I’ve got a 6 km bike ride to work, the route is mostly flat but there is a high bridge I need to pass and the wind is not your friend when biking westward in Gothenburg. Despite this it is quicker for me to go by bike than public transport. The problem is that I do not want to be all sweaty when i arrive to work.
The solution: Put a motor on the bike
My bike is an Crescent Balder 24 speed mountain bike with front suspension and aluminum frame. Here in Sweden there are some regulations limiting an E-Bike to 250 W of power and a maximum speed of 25 km/h. That is not enough for me but I need a drive train that is possible to limit when driving on public roads.
After several hours of reading at the Endless Sphere forum I settled for a Nine Continents conversion kit including a 2809 rear wheel motor, 48 V 27 A motor controller, twist throttle, regeneration break handles and some other parts needed for the conversion. This kit has what is called an Infineon controller (based on the Infineon XC846 chip) and is programmable and possible to limit within legal limits.
This is a 12 MOSFET version of the controller with a somewhat splash proof aluminum case that i mounted on a luggage rack from Biltema. One of the reasons that i choose the Nine Continents kit was that someone wrote on the web that it was one least bad china made E-bike kits regarding weather resistance.
The motor comes already laced in a 26″ rim and has mounts for disc brakes and a 7-speed freewheel, the only thing missing is a tire.
The 2809 means that the stator and magnets are 28 mm wide and each stator tooth have 9 turns of wire wound around it. There are different configurations of this motor, for example 2807 which have 7 turns wind resulting in a faster motor. The 2809 has a top speed of 35 km/h, on flat ground with 48 V battery voltage, which is enough for me. The slower speed means that the motor will be more efficient than the faster one at slow speed, for example uphill or with strong headwinds.
To power the motor I use Lithium Polymer (LiPo) batteries made for electric RC airplanes. At the moment I have 4 Turnigy 5000 mAh 6S 20C LiPo Pack batteries with 6 cells @ 5.0 Ah each. These are connected together as two 12s1p (12 cells in series and one paralell) packs like the one below.
But the two packs can also be paralleled for a 12S2P pack with twice the range. The serial/paralell harness is made out of HXT 4mm Gold Connector for the battery, 10 AWG (~5,27 mm²) wire, a 30 A automotive fuse and a Andersson SB50 connector.
12 cells, at 3,7 V nominal voltage, in series results in a battery voltage of 44,4 V. 2 cells, of 5,0 Ah in parallel results in a total 44,4 V 10 Ah battery or 444 Wh of energy. My plan is to, at a later stage, extend this to 3 packs in parallel to 666 Wh of energy. Commuting to and from work with the bike has shown a energy usage of ~12-14 Wh/km. Mostly dependent on the amount of pedaling from me and wind speed/direction.
The battery specs say that they will deliver 20C continusly which means 20 times the capacity. My current battery with 10 Ah capacity will hence deliver a maximum of 200 A @ 44.4 V which is almost 9 kW of power.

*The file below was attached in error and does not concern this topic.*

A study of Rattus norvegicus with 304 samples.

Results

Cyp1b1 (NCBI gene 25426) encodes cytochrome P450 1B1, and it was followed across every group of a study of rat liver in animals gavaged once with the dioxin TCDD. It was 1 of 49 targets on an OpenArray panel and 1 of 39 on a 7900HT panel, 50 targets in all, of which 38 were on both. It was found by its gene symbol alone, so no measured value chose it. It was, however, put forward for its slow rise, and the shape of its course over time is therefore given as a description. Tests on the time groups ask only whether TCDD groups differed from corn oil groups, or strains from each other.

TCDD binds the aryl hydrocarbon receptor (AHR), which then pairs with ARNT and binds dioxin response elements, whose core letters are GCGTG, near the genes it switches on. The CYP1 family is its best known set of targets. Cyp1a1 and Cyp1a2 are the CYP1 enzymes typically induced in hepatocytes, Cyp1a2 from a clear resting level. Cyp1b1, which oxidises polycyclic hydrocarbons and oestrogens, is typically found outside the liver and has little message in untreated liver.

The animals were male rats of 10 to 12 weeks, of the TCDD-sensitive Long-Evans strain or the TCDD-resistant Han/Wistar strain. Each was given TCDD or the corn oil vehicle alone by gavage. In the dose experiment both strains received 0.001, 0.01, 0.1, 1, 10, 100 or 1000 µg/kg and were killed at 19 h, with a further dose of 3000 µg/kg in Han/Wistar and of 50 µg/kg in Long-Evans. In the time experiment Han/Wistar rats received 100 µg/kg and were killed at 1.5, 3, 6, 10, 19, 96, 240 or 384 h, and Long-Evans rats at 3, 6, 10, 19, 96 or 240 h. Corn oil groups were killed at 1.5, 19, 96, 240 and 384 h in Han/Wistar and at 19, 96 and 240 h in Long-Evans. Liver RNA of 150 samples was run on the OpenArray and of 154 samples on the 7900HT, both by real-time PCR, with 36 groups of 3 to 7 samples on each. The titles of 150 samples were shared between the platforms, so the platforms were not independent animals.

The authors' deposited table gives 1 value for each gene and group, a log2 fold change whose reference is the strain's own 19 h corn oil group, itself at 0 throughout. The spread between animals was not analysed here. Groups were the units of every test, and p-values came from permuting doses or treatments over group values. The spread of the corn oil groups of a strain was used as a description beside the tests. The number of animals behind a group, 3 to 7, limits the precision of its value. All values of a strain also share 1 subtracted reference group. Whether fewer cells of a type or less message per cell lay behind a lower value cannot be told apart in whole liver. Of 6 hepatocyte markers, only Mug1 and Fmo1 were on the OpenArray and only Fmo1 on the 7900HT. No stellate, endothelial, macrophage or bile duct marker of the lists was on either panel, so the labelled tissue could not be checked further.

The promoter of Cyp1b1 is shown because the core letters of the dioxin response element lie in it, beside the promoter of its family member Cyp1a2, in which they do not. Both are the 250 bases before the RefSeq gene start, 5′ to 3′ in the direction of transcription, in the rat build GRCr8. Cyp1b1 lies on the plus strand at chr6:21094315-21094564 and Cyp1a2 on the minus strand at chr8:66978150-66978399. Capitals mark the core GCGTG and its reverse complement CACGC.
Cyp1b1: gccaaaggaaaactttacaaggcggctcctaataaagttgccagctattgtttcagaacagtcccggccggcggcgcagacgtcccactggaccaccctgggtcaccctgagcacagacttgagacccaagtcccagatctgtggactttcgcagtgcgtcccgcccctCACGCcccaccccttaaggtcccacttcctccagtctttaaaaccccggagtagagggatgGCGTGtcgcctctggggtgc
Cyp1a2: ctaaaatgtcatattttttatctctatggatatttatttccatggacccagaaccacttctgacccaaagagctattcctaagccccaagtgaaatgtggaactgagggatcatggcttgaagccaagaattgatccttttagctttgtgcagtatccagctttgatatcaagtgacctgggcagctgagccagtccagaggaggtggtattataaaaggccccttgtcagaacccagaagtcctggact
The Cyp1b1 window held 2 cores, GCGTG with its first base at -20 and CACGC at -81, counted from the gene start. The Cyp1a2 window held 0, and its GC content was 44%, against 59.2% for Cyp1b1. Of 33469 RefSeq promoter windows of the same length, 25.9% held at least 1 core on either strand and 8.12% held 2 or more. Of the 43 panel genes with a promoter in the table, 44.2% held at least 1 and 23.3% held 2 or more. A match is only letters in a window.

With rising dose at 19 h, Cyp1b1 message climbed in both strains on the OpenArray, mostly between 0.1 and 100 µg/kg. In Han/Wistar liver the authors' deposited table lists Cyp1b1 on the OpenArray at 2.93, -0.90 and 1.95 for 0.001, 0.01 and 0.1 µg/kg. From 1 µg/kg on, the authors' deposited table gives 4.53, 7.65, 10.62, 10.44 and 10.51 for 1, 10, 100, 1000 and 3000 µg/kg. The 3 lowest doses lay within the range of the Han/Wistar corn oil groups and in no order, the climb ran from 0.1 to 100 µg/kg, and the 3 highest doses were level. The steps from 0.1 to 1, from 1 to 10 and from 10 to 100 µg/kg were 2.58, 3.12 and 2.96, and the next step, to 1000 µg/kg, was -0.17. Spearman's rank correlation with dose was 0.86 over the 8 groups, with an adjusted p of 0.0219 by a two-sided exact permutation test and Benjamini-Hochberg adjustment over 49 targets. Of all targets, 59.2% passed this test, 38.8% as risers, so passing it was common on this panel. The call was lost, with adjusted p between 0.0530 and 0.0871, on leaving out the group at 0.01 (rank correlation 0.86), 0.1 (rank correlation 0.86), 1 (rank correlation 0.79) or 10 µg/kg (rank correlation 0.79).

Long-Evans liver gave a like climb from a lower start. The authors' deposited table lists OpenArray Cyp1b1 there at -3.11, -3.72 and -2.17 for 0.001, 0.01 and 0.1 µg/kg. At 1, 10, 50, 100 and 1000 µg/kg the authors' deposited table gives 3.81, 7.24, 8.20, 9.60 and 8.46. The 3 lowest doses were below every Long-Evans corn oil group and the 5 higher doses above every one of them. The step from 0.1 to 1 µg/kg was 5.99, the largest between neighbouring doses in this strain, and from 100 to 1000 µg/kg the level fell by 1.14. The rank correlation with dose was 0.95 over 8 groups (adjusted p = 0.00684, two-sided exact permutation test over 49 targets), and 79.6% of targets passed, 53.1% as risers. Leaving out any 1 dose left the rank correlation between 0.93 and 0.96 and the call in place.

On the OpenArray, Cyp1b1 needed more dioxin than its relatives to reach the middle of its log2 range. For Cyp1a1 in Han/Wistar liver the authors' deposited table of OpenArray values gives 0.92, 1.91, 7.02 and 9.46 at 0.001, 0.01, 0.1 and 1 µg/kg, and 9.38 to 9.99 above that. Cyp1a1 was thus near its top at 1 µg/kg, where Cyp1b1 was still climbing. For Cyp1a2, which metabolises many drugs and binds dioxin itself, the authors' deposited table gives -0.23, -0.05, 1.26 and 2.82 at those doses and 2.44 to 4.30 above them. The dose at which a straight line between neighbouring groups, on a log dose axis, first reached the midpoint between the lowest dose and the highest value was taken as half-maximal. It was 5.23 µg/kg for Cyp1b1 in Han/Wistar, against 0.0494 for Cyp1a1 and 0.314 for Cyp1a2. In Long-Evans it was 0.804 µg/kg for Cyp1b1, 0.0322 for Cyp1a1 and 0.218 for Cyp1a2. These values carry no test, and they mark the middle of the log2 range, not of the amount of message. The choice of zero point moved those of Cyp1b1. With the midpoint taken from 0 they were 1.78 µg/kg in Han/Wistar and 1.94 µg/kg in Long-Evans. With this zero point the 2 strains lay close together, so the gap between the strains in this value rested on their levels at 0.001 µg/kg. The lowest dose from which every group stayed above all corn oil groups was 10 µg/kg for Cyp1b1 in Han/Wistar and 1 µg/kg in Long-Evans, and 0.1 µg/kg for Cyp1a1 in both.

There are a couple of different types of batteries used for electric bikes LiPo (which I use) has the highest power- and energy-density. The downside with LiPo is that they can be quite dangerous if you mistreat them, for example overcharge or puncture them in which case they will explode in a ball of fire. There are other lithium chemistrys for example LiFePo4 which are more stable but have lower energy density and much lower power density. There exists LiPo batteries that can deliver up to 90C while I haven’t seen LiFePo4 batteries capable of more than 10C. There are nickel and lead based batteries as well but they belong to the last century IMHO. Maybe I’ll write a more in-depth post about batteries, battery management and chargers in the future.
If you have any sort of experience repairing bicycles the install is easily made in a couple of hours, the most difficult thing was that the dropout has to be filed a little to suite the large axle on the hub motor. Since all torque from the motor is transfered through the dropouts the axle is 14 mm instead of the ordinary 10 mm bike wheel axle. The hub motor axle is flat on two sides making it fit in the 10 mm dropouts. Since the bend radius on the non-flat sides is 2 mm larger than on a regular bike wheel the frame dropouts has to be filed to a bend radius of 7 mm for a good fit.
Since an aluminum frame is not as strong as a steel fram I decided to use what is called a torque arm to strengthen the dropouts. When using a hub motor that delivers a considerable amount of torque to the small flat sides of the wheel axle this is a must if the dropouts should survive. For example a powerful hub motor on an aluminum front fork without torque arm could end bad if the motor manage to twist itself out of the dropouts and the wheel comes loose. The rear wheel is probably less dangerous but I still don’t want the bike to break.
In the picture above you can see that there is no wire to the rear derailleur. The bike is originally a 24-speed bike but the hub motor only has room for 7 sprockets. Since the gear lever was mounted on the handbrake lever on this bike the rear 7 gears had to leave room for the regenerative brake lever supplied with the conversion kit making this a 3-speed bike. The left gear and handbrake lever is still intact controlling the front derailleur and brake.
I have used the bike to commute to work for a couple of months now and it works perfect. I have some future upgrades I want to make:
- Move controller to water bottle mount
- Replace phase wires to 12 gauge
- Create fiberglass battery box
- Tidy up cabling
This time of the year the weather in Gothenburg usually not invite to biking so I’ll have the winter to perform these upgrades on the bike.